François Hollande – no more 'Mr. Pudding'?
Style – more than policy differences on austerity – separated Socialist winner François Hollande from Nicolas Sarkozy in the French presidential elections. France may have simply preferred Hollande, dubbed 'Mr. Pudding,' over bombastic Sarkozy. But Hollande may not be so soft.
The fact that Sarkozy came before the US Congress and stated, “I want to be your friend,” and that he brought France back into the integrated command of NATO, gave him a pass with the American political class that could not be touched.
This had come after decades of reservation and distrust (interspersed with moments of solidarity, it is true) among the two “oldest allies”: from Charles de Gaulle’s revenge for his rejection by Franklin Roosevelt during World War II; to François Mitterrand’s reserve about American capitalism; to Jacques Chirac’s breaking ranks over George W. Bush’s preventive war against Saddam Hussein’s Iraq.
Is this “era of good feeling” between France and the United States now going to end? No. François Hollande is a very centrist leftist, a social democrat, and not a Marxist. A graduate of France’s elite schools (of which Sarkozy, trained as a lawyer, is not) Hollande has, I suspect, a formidable capacity to adapt and compromise.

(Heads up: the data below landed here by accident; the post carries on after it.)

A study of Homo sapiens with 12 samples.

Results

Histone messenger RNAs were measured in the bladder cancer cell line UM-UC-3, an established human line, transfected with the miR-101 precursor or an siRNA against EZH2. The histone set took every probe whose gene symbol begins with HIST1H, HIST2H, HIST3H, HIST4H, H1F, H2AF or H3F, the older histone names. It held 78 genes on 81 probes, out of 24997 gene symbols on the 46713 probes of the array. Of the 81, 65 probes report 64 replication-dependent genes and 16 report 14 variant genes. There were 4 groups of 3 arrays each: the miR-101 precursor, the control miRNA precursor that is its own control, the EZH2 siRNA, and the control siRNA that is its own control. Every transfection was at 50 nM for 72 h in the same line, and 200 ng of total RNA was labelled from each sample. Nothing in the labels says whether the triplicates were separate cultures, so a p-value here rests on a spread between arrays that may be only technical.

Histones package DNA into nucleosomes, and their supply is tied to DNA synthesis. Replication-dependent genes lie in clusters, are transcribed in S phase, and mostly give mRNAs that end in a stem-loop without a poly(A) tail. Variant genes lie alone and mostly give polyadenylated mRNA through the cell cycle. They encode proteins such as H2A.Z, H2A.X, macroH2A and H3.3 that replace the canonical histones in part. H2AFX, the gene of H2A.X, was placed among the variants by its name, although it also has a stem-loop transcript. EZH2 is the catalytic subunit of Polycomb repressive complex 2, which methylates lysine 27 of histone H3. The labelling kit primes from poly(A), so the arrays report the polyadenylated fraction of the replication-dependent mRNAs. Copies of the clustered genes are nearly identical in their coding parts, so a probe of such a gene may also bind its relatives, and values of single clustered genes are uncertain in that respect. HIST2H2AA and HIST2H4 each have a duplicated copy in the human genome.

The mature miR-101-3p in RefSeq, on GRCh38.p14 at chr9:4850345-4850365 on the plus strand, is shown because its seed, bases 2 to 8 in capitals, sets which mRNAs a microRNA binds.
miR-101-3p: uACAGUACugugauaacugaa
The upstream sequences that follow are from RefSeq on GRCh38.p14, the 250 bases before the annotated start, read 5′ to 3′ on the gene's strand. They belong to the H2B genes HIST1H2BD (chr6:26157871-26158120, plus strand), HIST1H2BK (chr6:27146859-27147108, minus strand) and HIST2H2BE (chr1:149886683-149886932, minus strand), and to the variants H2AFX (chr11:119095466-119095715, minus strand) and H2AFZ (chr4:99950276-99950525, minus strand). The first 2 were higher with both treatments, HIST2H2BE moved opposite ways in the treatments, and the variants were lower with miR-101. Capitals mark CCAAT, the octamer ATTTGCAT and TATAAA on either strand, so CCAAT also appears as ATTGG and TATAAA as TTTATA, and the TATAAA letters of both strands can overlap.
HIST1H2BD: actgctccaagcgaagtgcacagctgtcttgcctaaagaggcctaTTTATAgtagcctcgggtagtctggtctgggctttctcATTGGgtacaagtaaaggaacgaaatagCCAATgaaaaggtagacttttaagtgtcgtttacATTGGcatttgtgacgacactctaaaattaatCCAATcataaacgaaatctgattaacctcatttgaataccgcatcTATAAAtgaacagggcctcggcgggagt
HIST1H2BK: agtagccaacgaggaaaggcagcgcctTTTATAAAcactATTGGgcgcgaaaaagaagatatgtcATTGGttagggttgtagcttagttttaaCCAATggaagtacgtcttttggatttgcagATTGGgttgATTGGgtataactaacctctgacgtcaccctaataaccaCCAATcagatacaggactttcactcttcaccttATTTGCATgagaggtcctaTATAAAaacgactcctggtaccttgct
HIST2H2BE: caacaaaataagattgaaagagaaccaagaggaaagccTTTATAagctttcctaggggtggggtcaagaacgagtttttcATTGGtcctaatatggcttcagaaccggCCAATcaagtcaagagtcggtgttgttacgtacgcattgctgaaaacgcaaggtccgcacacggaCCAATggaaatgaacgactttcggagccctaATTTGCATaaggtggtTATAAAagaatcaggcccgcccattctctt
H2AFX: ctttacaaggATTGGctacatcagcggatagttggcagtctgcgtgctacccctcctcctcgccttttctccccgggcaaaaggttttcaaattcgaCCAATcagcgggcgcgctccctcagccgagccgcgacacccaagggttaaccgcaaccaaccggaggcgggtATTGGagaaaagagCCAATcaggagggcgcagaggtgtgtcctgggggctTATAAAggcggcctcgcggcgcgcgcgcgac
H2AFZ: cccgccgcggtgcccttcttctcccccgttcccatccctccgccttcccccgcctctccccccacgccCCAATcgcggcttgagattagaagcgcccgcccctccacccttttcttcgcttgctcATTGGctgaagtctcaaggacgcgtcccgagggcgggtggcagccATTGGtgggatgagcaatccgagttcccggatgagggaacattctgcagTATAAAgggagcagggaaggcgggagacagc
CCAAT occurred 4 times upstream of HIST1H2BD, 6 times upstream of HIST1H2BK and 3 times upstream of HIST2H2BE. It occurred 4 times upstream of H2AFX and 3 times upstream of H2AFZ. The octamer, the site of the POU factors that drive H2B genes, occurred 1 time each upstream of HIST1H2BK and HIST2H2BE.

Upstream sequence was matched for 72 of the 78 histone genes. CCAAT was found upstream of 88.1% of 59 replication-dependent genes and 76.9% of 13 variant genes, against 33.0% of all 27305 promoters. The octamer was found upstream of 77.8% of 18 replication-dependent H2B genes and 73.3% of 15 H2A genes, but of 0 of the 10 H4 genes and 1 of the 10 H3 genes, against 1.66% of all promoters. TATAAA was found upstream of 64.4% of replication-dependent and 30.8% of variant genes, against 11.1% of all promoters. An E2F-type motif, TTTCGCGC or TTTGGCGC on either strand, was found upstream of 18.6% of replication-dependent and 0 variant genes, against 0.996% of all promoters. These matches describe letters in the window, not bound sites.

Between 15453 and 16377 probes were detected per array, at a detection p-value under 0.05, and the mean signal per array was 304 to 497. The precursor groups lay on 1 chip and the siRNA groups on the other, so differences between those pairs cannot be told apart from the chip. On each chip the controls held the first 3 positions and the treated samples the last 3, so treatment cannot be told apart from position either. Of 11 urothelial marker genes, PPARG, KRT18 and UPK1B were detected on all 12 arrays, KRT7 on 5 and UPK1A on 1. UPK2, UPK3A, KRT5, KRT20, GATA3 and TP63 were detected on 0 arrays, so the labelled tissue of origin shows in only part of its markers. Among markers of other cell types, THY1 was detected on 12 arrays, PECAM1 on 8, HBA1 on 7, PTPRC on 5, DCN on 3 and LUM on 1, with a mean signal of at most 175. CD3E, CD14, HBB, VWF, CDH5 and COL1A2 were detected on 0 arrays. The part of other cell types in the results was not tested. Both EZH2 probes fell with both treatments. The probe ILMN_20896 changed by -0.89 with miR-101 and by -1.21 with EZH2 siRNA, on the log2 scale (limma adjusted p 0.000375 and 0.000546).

The moment is a bit like that when the last Socialist president, Mr. Mitterrand, took power in 1981(and the mimicry practiced by Hollande with regard to his illustrious predecessor has been widely noticed). At the outset of his presidency, Mitterrand wanted to reassure the US, and he sent emissaries to Washington to do just that.
At the same time, we can expect a certain tacking on the part of the new Hollande regime toward traditional French values – in particular that of a certain distrust toward “liberalism” (which, in the European sense, means laissez-faire capitalism). On foreign policy, we can expect small changes: a year earlier withdrawal from Afghanistan (at the end this year instead of the close of 2013) but not much else.